Posted by Rona Fischman October 23, 2012 02:08 PM


Green remodeling and building is the hottest trend in the construction industry. McGraw-Hill Construction recently reported that the green homes share of the construction market is expected to rise as much as 38 percent by 2016. Does this mean that more homes will sprout solar panels and feature bamboo flooring? Not necessarily.

Growth in green remodeling is being propelled by an interest in energy efficiency. Straightforward steps such as upgrading insulation and installing energy-efficient windows and appliances are considered "green remodeling". So is smart design to increase a home's function without enlarging its footprint.

Most Boston homeowners want to go green to reduce their impact on the environment and live in healthier spaces, but they are pragmatic about it. Improvements to increase energy efficiency are popular because they lead to measurable payback and greater comfort. Sustainably harvested lumber, low VOC paints, and products made with recycled materials are typically embraced if the costs are comparable to traditional materials. Green products that are priced significantly higher than traditional materials are often dismissed.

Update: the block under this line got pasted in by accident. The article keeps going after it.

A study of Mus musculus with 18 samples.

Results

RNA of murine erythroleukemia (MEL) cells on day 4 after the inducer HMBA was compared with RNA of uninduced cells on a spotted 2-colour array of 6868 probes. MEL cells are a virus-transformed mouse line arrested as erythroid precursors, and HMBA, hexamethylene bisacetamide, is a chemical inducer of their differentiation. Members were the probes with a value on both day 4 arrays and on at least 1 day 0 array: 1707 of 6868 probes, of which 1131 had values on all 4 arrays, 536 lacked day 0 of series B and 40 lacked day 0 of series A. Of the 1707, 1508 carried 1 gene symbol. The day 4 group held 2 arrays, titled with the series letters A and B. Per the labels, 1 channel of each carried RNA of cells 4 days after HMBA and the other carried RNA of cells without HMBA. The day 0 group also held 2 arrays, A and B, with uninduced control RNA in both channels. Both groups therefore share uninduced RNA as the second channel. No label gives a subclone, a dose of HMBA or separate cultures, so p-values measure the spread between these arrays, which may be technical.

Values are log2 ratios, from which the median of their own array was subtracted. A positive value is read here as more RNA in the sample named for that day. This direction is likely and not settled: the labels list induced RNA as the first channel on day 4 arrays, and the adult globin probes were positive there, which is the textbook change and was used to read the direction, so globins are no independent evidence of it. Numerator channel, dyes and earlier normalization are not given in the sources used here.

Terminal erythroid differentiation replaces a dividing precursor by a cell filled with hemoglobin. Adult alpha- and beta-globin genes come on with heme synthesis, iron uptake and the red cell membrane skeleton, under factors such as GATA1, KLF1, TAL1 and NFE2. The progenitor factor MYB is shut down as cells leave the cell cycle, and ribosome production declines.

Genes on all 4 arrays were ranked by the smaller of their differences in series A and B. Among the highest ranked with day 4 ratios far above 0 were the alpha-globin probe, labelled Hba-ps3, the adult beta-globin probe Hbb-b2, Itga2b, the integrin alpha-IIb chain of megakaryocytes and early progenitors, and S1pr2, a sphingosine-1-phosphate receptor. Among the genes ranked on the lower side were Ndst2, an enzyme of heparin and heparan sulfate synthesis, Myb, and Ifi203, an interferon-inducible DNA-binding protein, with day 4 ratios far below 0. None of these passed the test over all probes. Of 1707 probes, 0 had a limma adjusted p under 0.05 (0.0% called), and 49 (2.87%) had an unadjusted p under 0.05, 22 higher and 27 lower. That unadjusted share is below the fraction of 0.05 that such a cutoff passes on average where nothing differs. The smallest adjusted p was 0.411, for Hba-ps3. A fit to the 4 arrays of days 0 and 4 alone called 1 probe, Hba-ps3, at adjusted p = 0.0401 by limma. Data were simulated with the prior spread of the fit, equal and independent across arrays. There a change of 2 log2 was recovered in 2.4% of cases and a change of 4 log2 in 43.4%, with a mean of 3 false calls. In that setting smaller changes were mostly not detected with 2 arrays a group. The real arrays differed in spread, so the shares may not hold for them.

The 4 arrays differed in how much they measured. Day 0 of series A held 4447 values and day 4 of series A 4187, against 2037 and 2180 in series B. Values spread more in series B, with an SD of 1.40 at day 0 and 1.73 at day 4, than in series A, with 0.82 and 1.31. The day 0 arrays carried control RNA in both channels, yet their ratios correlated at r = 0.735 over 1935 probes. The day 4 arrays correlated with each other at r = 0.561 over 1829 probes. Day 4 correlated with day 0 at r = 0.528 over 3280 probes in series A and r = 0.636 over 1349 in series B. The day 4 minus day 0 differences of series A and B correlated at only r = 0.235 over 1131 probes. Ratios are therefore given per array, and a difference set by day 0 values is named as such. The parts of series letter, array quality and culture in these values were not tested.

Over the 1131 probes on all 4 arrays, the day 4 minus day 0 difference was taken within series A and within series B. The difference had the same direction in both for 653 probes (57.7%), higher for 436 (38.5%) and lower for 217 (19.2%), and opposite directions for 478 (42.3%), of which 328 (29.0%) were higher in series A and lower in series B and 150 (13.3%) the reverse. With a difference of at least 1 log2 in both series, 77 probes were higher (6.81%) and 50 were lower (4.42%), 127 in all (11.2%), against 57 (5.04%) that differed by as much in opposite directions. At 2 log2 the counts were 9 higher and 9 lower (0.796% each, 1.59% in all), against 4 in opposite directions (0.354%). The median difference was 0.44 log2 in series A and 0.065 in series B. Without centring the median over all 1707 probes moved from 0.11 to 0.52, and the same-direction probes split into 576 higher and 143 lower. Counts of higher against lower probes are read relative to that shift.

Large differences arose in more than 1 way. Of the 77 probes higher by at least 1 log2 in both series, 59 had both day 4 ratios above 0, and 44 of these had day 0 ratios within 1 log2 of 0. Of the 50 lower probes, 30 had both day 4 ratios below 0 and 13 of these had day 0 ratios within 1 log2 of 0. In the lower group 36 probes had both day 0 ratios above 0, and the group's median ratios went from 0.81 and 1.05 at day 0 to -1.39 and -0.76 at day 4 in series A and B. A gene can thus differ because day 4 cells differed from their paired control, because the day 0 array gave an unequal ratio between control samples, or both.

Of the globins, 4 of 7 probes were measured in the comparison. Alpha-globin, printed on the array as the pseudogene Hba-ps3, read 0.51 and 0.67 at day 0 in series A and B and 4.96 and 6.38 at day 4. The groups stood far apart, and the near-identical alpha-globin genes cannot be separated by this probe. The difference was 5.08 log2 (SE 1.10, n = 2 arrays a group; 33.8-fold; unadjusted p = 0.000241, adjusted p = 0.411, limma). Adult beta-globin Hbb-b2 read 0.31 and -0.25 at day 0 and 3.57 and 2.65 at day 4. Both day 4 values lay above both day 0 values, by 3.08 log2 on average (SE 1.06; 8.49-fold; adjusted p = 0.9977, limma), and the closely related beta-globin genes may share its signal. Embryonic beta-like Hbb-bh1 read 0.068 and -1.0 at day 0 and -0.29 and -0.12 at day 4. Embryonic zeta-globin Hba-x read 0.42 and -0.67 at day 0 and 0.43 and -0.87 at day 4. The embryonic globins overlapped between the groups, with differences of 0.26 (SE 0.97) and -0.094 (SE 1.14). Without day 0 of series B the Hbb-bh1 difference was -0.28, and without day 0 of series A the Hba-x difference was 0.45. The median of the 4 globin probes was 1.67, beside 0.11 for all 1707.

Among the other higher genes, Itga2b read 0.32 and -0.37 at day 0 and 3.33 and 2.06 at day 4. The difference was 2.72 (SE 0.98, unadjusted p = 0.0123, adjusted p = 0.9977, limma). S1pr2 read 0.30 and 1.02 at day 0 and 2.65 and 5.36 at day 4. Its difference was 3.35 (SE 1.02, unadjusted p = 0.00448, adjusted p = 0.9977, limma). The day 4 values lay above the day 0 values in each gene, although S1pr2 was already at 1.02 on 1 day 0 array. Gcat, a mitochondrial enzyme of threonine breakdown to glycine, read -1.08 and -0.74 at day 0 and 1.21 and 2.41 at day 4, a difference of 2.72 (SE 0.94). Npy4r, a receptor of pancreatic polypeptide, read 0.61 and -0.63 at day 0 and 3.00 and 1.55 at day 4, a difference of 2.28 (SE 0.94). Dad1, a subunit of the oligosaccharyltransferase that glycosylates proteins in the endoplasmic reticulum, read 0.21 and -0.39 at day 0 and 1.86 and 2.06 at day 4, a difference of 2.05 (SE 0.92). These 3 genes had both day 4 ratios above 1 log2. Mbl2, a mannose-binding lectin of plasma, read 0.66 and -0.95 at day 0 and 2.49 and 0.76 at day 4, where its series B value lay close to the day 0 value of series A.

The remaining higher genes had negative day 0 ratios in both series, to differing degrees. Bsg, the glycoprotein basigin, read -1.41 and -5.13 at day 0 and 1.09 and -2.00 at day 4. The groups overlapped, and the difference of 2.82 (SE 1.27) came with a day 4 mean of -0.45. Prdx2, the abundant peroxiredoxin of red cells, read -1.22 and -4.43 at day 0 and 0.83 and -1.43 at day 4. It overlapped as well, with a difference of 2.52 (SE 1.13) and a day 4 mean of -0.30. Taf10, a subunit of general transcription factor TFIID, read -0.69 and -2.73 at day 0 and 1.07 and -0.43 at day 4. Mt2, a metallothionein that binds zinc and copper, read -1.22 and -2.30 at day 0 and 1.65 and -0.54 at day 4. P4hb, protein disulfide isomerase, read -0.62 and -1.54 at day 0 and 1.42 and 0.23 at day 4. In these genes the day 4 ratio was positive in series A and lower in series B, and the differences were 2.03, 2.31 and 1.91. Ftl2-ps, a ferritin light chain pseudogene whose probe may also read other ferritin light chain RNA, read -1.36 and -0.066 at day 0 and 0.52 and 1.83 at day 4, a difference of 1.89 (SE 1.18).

The biggest change that I have seen in the past few years is the value that the homeowner now places on energy efficiency. Home designs and materials that minimize energy use are often a priority in renovation, rather than an afterthought.

Homeowners are willing to pay for greater energy efficiency during remodeling, but are they willing to pay more when a house is on the market? An article in the Chicago Tribune reported that green-labeled homes in California sold for 9 percent more than typical California homes. In Boston, where heating costs are so much higher, I'd like to think that energy-efficient, green homes are also worth more to homeowners, but Iím not sure that is the case yet. I don't recall seeing many ads that tout low annual heating costs or space efficient designs as key selling features, but I'm optimistic this is the direction that we are heading.

if you have done green remodeling, what have you done, and why? If you have chosen not to do it, why?

This blog is not written or edited by Boston.com or the Boston Globe.
The author is solely responsible for the content.